How many times did I get told “you need to be more visible if you want to get on” and “you need to grow your network”?
“Tell me something I don’t know”, said every introvert ever.
I know how hard this is. It’s really hard when your natural tendency is to work long and hard behind the scenes. You get your head down. You go above and beyond producing a high quantity and quality of work in an effort to prove your worth. That’s not your fault by the way, it’s a strategy that you naturally adopt, and one that you think will get you noticed.
But what tends to happen is it results in high levels of stress, exhaustion and burnout. This exhaustion stretches you so thinly and it can take you away from your personal lives and loved ones. The quality time that you’re so aware you need to spend with your family slowly declines and is replaced with a heavy layer of guilt. You spend more time working longer hours because you feel you need to, but then you become resentful, which leads to irritability and it impacts relationships and family life. You become distracted and frustrated under the pressure, and tensions run high with those close to you.
Being introverts we are naturally comfortable being alone. With that comes a tendency to think that we have to go it alone. But going it alone is the path of greatest resistance.
So how do we master this? How do we compete with those who just seem like natural networkers? One way to respond to the dreaded ‘visibility’ challenge is through sponsorship.
A sponsor will advocate for you. They will pound the table for you and back you when you take risks. They are generally a couple of levels above you, and hold positions of power and influence that can lead you directly to job opportunities. They can also expose you to a network that’s worth its weight in gold.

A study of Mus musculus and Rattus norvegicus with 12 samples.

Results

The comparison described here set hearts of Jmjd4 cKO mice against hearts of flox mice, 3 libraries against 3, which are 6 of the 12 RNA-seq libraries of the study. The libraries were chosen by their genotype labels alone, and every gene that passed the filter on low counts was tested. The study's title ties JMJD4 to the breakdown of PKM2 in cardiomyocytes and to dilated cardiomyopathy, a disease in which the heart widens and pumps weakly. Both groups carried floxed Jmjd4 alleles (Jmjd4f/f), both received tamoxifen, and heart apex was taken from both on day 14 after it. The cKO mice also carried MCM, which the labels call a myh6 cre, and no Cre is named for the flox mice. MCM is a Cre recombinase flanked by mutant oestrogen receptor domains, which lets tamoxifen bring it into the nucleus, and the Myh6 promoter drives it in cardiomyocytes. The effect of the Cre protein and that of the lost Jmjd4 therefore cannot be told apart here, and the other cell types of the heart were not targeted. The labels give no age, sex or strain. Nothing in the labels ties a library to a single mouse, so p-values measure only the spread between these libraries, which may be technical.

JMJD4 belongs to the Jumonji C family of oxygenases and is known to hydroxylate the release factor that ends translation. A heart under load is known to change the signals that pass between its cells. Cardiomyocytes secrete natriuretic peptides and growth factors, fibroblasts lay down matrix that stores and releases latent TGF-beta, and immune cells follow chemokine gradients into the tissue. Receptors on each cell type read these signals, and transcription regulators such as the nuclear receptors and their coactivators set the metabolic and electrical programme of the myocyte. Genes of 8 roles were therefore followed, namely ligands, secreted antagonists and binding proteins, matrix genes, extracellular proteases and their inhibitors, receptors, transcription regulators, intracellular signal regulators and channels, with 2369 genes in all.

However, there are expectations on both sides of the table and if you want someone to stick their neck out for you here are my top tips to help you:
- Get involved in projects outside of your immediate role. Raise your hand and put yourself forward, particularly if it’s a high profile project. Yes it’s a bit daunting but it will get you noticed, and just getting your head down and doing a good day job won’t cut it.
- When choosing a sponsor do your research. The person you choose should be in a position to actually elevate you. Their expertise and sphere of influence is really important so at the right moment, they can make things happen for you. Think about their reach and what doors they can open for you.
- Don’t limit yourself by having only one sponsor. Having connections in different parts of the organisation will expand your exposure and help you grow your network beyond anything you could do alone. Also, it doesn’t hurt to have more than one perspective.
- Own your career. Take responsibility for your own progress. Your sponsor will be on your side and will open the doors for you, but you have to step forward and seize the opportunity. This is the quid pro quo, if they’ve stuck their neck out, you need to stick yours out.
- Make sure your track record speaks for itself. Your achievements should demonstrate tangible impacts. Don’t leave it until the last minute to build your portfolio because the richness and the detail will get lost over time. Document these as you go along so you leave any potential sponsors in no doubt that they should bat for you.
- Be clear on exactly what you want to gain from sponsorship. A sponsor can only help you if your crystal clear about your direction. Enlist some help if you’re unsure of what direction you’re taking your career in and when you’ve decided, that’s the time to look for sponsors.
- Become a sponsor too. You don’t have to be at the top to start and those people might open your eyes to many things going on in the organisation or things that you wouldn’t ordinarily touch.
I remember early on in my career there was one particular leader who inspired me beyond anyone else. I would watch in awe as he commanded a room. He was humble and hugely respected. I remember thinking how I wanted to be like him and would love to learn from him. So I plucked up the courage to email him and tell him that I admired him, I explained why and I asked him to be my sponsor. My finger hovered over the send button and I’m pretty sure I hid under my desk after the deed was finally done.
A few days later he replied with a resounding yes. That led me to sitting in on very high level meetings getting exposure to some very powerful people. It led me to being nominated for talent pools, executive coaching and a completely funded university degree. And it didn’t do any harm when I name dropped him in work circles.